Please don’t touch!

by pew

Please don't touch

Everyone knows that the minute your baby begins to crawl you have to not only safe proof your home but move everything! But does it have to be that way? And is it actually a good thing to do? Accepted, if there are dangerous things in your home then indeed you need to protect your child. For instance I felt it necessary to put a guard around our fireplace once Deva was crawling. But in general I do not think you should change your environment so much,  instead your child needs to learn, as part of their growing up, what can and cannot be touched.

Deva began to crawl at about ten months and we went through what most parents do and suddenly realized, ‘oops, our house is not child friendly’. However, I’m pretty lazy and didn’t want to move everything and thought ‘we must be able to teach her not to touch things’. You may think we were being a bit optimistic but we achieved it and with not much effort at all.

First off we began to talk abut things that belonged to mummy and daddy and things that belonged to Deva. With everything we would say “that’s mummy’s  or that’s daddy’s and this is Deva’s”. You get the idea.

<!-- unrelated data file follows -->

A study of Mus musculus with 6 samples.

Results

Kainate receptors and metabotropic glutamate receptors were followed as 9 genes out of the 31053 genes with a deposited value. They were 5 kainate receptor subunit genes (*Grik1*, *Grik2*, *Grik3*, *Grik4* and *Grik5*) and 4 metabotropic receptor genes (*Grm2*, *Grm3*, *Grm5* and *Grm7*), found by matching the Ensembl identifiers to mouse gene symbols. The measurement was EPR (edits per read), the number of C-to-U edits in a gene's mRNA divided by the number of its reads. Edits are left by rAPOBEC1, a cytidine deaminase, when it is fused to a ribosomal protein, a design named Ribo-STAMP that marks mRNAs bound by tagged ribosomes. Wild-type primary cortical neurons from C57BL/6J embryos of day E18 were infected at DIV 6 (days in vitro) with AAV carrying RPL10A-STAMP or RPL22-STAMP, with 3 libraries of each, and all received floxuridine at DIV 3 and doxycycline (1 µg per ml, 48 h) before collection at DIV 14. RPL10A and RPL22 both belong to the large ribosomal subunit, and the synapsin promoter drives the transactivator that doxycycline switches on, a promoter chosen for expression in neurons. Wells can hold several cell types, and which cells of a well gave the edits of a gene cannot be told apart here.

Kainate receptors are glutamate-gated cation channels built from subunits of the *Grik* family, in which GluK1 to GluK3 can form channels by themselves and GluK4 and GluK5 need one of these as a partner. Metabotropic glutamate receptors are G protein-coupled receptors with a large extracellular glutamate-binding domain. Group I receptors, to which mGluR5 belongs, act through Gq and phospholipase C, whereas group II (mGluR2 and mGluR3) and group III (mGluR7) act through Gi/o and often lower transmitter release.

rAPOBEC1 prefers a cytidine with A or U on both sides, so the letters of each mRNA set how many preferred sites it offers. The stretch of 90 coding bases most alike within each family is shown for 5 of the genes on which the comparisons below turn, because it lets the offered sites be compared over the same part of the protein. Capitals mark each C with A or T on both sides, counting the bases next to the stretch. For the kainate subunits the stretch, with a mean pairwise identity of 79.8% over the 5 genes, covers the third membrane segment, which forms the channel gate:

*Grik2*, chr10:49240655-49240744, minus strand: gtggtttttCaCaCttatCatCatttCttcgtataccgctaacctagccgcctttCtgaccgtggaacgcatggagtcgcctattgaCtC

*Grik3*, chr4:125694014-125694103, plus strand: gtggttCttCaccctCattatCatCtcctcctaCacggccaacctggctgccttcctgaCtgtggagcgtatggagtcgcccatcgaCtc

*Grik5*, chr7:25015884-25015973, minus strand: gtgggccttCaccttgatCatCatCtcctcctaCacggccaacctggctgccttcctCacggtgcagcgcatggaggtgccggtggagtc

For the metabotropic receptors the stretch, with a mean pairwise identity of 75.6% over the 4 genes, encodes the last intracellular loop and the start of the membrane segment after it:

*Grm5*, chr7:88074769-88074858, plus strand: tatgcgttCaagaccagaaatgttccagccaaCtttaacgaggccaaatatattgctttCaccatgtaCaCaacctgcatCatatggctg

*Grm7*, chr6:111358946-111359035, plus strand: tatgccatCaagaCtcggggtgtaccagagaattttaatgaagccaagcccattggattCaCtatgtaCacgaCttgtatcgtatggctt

Then the first thing we tackled was books. Our bookshelves are at ground level, perfect for a crawling baby. Deva was a bit of a book worm from the off and loved books. So, she was magnetized by these.

So, with her, we emptied out a part of one of the bookshelves and placed HER books in there. She now had a section of the adults’ book shelf. It took probably two weeks of her still pulling our books out before she completely  stopped and only played in her book section. Trust me, we were amazed too! It was great, she would just play around there and never touch ours. Every night before bedtime we would get her to place her books back in her shelf, she was so proud of it.

Next thing to tackle was cupboards. Once she discovered that there were all sorts of goodies hidden behind these things she started to open them. Again, we used the same principle. We emptied one cupboard out and this became Deva’s toy cupboard. She was allowed to go in there and pull out her toys and every night she then placed them back in before bedtime. As you can guess, this worked wonders.

The secret was to constantly tell her what belonged to who. The fact that she also had things that belonged to her, amongst these adult things, made the whole concept acceptable to her.

And I truly believe this to be a healthy exercise for your child. She learns the value of things and why some things are hers and others not. She will more readily accept you telling her that she may not have or touch something if she knows there are other things that she can touch. It’s all about inclusion.

Just be creative, you’ll be amazed with the ideas you’ll come up with and you’ll have lots of fun doing it too. And you’ll find yourself uttering the phrase ‘please don’t touch that’ less and less.